Broken tools, fire, mishaps on pit road and other assorted troubles made it an eventful night for many of those competing in the Chase for the Sprint Cup.
The first casualty of the 13 Chasers was Joey Logano, who started on the pole after breaking the track record in qualifying and leading the opening 32 laps. Following a five-hour delay for rain, Logano dropped a cylinder in his Ford motor and was a non-factor the rest of the way.
His engine would eventually expire completely, leading to a 37th-place finish.
"It is a bummer to have it in the Chase when you are running for a championship," Logano said. "I feel like Chicago was one of those tracks we could win at. Everyone was doing the right thing. We have a really fast race car and we put it on the pole and led laps today, it just wasn't our day I guess."
Logano wasn't the only title contender to suffer a blown motor, though, as Dale Earnhardt Jr. suffered a similar fate -- albeit in far more spectacular fashion.
As he came off of Turn 2, thick white smoke began emanating from underneath Earnhardt's No. 88 Chevrolet. When he came to a stop in the infield, flames began shooting out from underneath.
For Logano and Earnhardt, the mechanical failures were especially crippling to their title aspirations. Logano fell to 12th in the standing, 52 points back. Earnhardt is in 13th -- last -- place and 53 markers behind championship leader Matt Kenseth.
"It's going to be really hard to win a championship this far behind," Earnhardt said. "We have some pretty tough competition in the Chase. The average finish is going to be inside the top 10 to win the championship. So you can do the numbers, you can do the math."
Even those who posted strong finishes were not immune to misfortune Sunday night.
Fourth-place finisher Kurt Busch incurred a speeding penalty on his second pit stop of the day and dropped a lap while serving his penalty. With the aid of the wave-around rule followed by an opportune yellow flag that allowed him maintain his position on the lead lap, Busch clawed his way back up the running order.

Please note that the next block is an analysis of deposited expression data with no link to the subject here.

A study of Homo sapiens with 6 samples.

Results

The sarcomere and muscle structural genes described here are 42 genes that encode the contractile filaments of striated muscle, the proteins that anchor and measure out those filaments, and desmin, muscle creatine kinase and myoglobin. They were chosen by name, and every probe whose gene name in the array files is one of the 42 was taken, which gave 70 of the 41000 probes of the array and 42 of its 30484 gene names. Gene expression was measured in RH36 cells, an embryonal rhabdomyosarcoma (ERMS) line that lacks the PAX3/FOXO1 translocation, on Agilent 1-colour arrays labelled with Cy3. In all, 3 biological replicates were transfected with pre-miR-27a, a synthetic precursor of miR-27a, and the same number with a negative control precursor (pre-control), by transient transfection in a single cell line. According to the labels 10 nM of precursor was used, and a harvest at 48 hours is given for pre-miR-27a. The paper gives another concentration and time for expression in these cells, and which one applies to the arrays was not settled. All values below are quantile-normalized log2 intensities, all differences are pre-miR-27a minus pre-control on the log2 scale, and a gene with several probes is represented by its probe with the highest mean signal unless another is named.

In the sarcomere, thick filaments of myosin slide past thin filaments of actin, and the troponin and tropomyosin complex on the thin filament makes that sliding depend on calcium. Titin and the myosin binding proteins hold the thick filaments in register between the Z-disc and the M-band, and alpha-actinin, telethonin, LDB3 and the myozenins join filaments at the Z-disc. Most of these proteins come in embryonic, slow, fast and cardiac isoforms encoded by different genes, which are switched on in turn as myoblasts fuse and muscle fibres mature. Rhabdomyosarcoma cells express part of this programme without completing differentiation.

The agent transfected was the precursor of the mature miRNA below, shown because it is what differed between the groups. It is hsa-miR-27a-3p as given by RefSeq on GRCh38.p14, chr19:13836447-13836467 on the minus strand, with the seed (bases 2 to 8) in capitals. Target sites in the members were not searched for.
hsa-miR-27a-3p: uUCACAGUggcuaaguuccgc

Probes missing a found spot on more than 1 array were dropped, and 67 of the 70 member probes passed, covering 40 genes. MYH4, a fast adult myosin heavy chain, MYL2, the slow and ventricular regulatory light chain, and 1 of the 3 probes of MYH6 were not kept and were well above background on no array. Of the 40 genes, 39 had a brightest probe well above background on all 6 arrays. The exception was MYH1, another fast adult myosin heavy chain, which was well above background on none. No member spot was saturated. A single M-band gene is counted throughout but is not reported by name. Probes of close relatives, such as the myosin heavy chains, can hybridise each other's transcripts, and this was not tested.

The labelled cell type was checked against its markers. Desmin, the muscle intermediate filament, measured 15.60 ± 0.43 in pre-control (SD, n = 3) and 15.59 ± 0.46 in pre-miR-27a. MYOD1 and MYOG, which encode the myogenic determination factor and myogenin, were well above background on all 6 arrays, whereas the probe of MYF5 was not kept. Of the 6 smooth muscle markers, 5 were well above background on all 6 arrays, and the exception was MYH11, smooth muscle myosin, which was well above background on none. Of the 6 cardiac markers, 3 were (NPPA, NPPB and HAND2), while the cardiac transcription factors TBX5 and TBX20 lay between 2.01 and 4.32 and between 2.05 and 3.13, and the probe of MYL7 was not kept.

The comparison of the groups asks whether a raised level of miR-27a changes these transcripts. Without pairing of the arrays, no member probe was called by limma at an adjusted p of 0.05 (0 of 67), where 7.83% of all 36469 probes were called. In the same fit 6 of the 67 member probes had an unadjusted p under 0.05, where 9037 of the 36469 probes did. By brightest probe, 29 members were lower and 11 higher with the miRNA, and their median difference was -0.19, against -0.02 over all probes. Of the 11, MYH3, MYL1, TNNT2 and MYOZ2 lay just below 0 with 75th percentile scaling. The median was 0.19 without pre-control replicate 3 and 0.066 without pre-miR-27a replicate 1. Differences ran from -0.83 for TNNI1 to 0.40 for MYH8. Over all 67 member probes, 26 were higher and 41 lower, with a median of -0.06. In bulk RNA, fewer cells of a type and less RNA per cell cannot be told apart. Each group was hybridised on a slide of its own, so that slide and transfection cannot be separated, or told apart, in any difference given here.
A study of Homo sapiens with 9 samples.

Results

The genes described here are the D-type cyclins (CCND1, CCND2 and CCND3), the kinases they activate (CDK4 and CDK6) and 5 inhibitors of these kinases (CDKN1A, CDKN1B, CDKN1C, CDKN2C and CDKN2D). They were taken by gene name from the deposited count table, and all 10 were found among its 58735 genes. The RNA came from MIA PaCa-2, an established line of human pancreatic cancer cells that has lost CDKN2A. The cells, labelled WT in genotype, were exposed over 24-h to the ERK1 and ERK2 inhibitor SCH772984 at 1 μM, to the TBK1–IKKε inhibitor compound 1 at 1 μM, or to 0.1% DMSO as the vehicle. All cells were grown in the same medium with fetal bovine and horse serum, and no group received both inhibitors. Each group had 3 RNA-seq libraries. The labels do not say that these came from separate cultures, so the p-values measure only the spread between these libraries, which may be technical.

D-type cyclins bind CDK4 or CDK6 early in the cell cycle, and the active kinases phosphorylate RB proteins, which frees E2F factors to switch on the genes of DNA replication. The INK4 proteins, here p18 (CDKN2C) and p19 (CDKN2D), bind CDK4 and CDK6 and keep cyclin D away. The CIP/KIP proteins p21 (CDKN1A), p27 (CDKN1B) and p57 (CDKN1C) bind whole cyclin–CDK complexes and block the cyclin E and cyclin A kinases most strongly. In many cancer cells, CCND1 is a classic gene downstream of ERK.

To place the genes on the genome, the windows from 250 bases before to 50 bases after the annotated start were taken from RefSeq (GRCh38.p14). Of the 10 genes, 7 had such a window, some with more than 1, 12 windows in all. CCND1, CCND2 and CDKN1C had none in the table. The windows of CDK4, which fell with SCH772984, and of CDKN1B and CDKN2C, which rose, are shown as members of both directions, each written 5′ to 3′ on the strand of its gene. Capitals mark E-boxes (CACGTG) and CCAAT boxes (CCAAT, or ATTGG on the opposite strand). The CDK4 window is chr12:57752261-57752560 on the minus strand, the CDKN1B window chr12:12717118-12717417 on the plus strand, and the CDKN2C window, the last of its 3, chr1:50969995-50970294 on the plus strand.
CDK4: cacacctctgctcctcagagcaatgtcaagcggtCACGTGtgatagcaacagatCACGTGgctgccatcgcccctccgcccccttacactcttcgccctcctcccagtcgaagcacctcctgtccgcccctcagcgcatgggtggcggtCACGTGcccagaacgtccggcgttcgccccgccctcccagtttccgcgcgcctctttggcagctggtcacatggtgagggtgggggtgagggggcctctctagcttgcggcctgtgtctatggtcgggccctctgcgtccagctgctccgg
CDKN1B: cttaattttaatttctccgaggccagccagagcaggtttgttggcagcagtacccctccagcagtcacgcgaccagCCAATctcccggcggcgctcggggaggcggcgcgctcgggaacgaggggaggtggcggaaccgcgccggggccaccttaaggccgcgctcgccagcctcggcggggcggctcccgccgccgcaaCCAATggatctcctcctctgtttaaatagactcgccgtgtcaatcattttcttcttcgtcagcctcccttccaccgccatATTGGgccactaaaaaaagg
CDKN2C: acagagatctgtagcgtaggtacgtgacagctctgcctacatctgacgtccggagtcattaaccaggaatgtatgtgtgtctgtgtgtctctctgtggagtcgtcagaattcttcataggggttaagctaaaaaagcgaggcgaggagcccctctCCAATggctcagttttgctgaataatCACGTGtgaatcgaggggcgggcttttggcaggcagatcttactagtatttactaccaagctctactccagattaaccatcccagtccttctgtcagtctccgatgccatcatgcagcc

Also finding himself a lap down at point was Jeff Gordon. The four-time Cup champion had to make an unscheduled pit stop due to a cut a tire, but fought his way back and was rewarded with a sixth-place finish.
It was a result that left him ecstatic afterward.
"That was an incredible accomplishment," Gordon said. "It just shows how much fight this team has in them. We never give up."
It was Jimmie Johnson, Gordon's teammate, who dealt with the most unusual set of circumstances.
It all began when Johnson, the race leader, hit pit road on Lap 75 for a routine pit stop. An official, thinking the rear-tire changer had missed a lugnut on the right side, called the 48 team for an infraction before realizing his mistake and waving off the penalty. The holdup dropped him to fifth in the running order.
"The official thought there were only four on there," crew chief Chad Knaus said. "We all make mistakes. That happens from time to time."
Johnson's adventures on pit road were not over. Later, a jack broke and resulted in a substantially-prolonged stop. When he returned to the track, Johnson was 19th before a late charge to finish fifth.
"From a jack failing to a call on pit road for a lugnut that was not supposedly on, and a variety of issues, it was a great comeback," Johnson said. "... Just a great effort, you know. We never gave up. Just got to keep working through things."